UAW approves new contract with Fiat Chrysler

FILE - In this July 14, 2015, file photo, Fiat Chrysler Automobiles CEO Sergio Marchionne, left, and United Auto Workers (UAW) President Dennis Williams shake hands during a ceremony to mark the opening of contract negotiations in Detroit.

DETROIT (AP) — The United Auto Workers union has approved a new four-year contract with Fiat Chrysler.

UAW members at Fiat Chrysler’s U.S. factories voted 77 percent in favor of the agreement, the union said. The contract covers 40,000 workers at 23 U.S. factories.

It was the second time in a month that Fiat Chrysler workers voted on a contract. A previous deal was soundly rejected largely because it didn’t eliminate a much-hated two-tiered pay system. The new agreement gives raises to all workers and eliminates the two tiers over eight years.

Fiat Chrysler said in a statement that it was pleased that the contract passed. UAW President Dennis Williams said the agreement boosts wages and gives members job security “while still allowing the company to competitively produce high quality vehicles.”

The union will use the Fiat Chrysler deal as a template for talks with Ford and General Motors. It was unclear Thursday whether the union would pick one company to focus on or try to negotiate with both.

Williams says Ford and GM make more money and should be able to pay more, a statement that conflicts with company goals of cutting labor costs to bring them more in line with foreign automakers with U.S. factories.

The new agreement with Fiat Chrysler gradually eliminates the tiered pay system that the union agreed to in 2007 when all three Detroit automakers were in financial trouble, bringing all U.S. factory workers to the same wage over eight years. But members have resented the varying pay, and the company’s current CEO, Sergio Marchionne — who took over when Chrysler merged with Italian automaker Fiat in 2009 — has called the two-tier wages “unsustainable.”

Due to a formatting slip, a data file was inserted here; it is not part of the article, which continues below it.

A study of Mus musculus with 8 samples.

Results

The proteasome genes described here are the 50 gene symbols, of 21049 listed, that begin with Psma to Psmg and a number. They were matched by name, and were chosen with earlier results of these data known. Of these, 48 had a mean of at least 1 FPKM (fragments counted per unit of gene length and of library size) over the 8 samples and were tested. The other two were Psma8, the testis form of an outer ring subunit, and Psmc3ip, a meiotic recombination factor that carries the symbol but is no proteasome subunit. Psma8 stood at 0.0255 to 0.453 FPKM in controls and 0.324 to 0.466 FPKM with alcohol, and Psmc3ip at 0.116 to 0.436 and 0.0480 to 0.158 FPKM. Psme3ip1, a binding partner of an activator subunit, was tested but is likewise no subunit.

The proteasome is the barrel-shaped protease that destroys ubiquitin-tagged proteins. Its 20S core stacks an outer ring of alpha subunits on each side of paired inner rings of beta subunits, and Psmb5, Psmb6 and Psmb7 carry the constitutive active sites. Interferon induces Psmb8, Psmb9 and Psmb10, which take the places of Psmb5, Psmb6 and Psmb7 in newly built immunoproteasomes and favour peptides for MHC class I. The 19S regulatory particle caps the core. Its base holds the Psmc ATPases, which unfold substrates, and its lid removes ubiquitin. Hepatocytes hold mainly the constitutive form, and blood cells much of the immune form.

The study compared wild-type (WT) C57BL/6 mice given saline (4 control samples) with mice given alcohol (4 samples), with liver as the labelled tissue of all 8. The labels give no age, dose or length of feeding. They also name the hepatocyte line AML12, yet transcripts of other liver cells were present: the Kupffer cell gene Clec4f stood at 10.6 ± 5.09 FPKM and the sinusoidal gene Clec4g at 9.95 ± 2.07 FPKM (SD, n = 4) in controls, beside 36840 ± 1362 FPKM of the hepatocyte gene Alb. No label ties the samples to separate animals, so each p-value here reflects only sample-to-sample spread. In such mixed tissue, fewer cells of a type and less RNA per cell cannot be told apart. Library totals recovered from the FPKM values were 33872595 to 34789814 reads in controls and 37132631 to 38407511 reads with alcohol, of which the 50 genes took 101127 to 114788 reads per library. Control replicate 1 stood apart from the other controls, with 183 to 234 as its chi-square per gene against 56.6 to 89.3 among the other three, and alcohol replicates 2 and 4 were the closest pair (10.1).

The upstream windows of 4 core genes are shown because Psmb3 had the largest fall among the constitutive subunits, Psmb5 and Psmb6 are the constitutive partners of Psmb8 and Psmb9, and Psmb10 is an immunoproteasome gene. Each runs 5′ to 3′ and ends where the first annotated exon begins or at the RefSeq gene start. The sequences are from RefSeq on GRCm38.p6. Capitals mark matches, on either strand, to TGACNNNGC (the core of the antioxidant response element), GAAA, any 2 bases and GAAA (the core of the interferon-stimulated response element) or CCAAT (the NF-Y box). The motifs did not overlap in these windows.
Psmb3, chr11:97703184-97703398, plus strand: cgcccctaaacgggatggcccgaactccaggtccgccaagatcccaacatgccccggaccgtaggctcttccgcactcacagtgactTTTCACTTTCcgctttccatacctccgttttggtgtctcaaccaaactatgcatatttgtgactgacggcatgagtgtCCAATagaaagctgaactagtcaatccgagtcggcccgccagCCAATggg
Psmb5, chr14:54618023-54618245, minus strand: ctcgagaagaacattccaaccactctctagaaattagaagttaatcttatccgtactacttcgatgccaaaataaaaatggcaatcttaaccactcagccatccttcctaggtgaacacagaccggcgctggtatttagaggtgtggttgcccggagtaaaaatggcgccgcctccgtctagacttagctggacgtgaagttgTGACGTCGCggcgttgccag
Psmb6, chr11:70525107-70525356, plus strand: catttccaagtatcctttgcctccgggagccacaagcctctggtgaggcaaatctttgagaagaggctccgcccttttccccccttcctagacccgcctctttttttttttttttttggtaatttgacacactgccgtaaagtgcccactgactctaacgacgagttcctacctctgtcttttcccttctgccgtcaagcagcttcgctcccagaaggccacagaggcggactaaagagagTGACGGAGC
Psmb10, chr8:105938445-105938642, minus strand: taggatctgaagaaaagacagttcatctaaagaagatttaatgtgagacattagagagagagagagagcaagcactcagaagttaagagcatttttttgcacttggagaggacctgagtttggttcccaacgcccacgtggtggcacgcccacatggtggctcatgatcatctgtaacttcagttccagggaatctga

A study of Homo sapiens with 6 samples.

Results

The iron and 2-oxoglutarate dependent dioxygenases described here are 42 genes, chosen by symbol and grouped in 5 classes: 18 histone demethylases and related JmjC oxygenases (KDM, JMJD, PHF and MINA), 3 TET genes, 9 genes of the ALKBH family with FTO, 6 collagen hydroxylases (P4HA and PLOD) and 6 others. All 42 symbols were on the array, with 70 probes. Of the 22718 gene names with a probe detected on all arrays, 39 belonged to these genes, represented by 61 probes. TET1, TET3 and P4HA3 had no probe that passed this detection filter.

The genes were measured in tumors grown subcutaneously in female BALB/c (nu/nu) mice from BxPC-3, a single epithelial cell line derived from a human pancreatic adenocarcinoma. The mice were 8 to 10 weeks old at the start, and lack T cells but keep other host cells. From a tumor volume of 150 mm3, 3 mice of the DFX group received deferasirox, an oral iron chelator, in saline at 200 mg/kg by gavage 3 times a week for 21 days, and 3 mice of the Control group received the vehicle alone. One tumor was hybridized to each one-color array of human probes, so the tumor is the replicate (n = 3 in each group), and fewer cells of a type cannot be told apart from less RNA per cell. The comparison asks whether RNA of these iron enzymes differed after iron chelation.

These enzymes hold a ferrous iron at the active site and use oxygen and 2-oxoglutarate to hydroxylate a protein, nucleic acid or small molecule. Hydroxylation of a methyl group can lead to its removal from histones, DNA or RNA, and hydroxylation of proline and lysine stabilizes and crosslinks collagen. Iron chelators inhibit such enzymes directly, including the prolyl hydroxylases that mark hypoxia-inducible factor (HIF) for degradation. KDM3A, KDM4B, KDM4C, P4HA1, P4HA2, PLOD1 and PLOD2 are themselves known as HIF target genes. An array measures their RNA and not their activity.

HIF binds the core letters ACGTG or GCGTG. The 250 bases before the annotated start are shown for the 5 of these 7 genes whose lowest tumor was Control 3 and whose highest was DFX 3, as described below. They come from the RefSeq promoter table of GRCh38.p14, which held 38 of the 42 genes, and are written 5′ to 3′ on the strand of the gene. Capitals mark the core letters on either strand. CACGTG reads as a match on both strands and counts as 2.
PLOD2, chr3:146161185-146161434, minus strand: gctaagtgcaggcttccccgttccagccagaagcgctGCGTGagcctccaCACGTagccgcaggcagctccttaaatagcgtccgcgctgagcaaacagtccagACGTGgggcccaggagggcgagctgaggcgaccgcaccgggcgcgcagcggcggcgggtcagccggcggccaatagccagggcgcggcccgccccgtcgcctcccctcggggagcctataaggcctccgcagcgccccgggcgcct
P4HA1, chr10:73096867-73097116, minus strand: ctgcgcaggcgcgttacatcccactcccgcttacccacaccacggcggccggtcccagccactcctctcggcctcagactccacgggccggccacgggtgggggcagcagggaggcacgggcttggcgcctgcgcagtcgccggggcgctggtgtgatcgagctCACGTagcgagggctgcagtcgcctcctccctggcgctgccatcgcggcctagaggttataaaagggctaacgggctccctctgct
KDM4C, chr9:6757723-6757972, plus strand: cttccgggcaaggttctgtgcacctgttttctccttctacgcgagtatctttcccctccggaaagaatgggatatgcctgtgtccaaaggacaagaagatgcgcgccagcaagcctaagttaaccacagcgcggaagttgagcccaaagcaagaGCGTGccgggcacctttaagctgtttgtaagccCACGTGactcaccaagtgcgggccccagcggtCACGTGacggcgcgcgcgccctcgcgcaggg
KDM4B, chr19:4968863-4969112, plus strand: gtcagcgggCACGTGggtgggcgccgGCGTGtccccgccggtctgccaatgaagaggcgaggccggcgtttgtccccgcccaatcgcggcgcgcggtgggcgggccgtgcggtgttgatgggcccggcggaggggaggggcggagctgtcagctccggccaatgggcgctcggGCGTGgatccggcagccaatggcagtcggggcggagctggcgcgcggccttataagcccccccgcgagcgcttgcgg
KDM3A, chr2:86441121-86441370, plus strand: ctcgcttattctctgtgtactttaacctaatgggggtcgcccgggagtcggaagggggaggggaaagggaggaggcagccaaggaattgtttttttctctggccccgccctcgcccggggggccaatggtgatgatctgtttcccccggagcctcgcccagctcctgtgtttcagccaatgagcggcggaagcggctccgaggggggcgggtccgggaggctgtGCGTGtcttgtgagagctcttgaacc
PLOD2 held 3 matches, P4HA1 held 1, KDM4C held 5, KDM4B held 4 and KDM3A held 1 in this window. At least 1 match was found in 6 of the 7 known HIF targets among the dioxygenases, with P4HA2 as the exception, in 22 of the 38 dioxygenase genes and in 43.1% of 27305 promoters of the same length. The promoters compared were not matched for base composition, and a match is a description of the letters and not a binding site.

Under the new agreement, workers with four or more years of experience will make the top $29 hourly wage within four years; workers with less experience would make between $22.50 and $28 in four years and top wages in eight years.

About 45 percent of FCA’s U.S. hourly workers are lower-tiered workers who now make wages as low as $15.78 per hour. For a typical member with two years in, the UAW said the agreement is worth $44,000 over four years.

Like the previous agreement, the new contract promises the first raises in nine years for the highest-paid workers, who now start at $28 per hour. Top-tier workers will get a $4,000 bonus if the agreement is ratified; lower-tier workers will get $3,000. The previous contract promised $3,000 bonuses for all workers.

Workers from both tiers banded together to defeat the previous contract, saying they deserved a bigger share of Fiat Chrysler’s profits after giving up raises and bonuses when the company was struggling.

The new agreement calls for a $5.3 billion investment in U.S. plants, as the previous agreement did, but this time the UAW spelled out which plants would get that investment.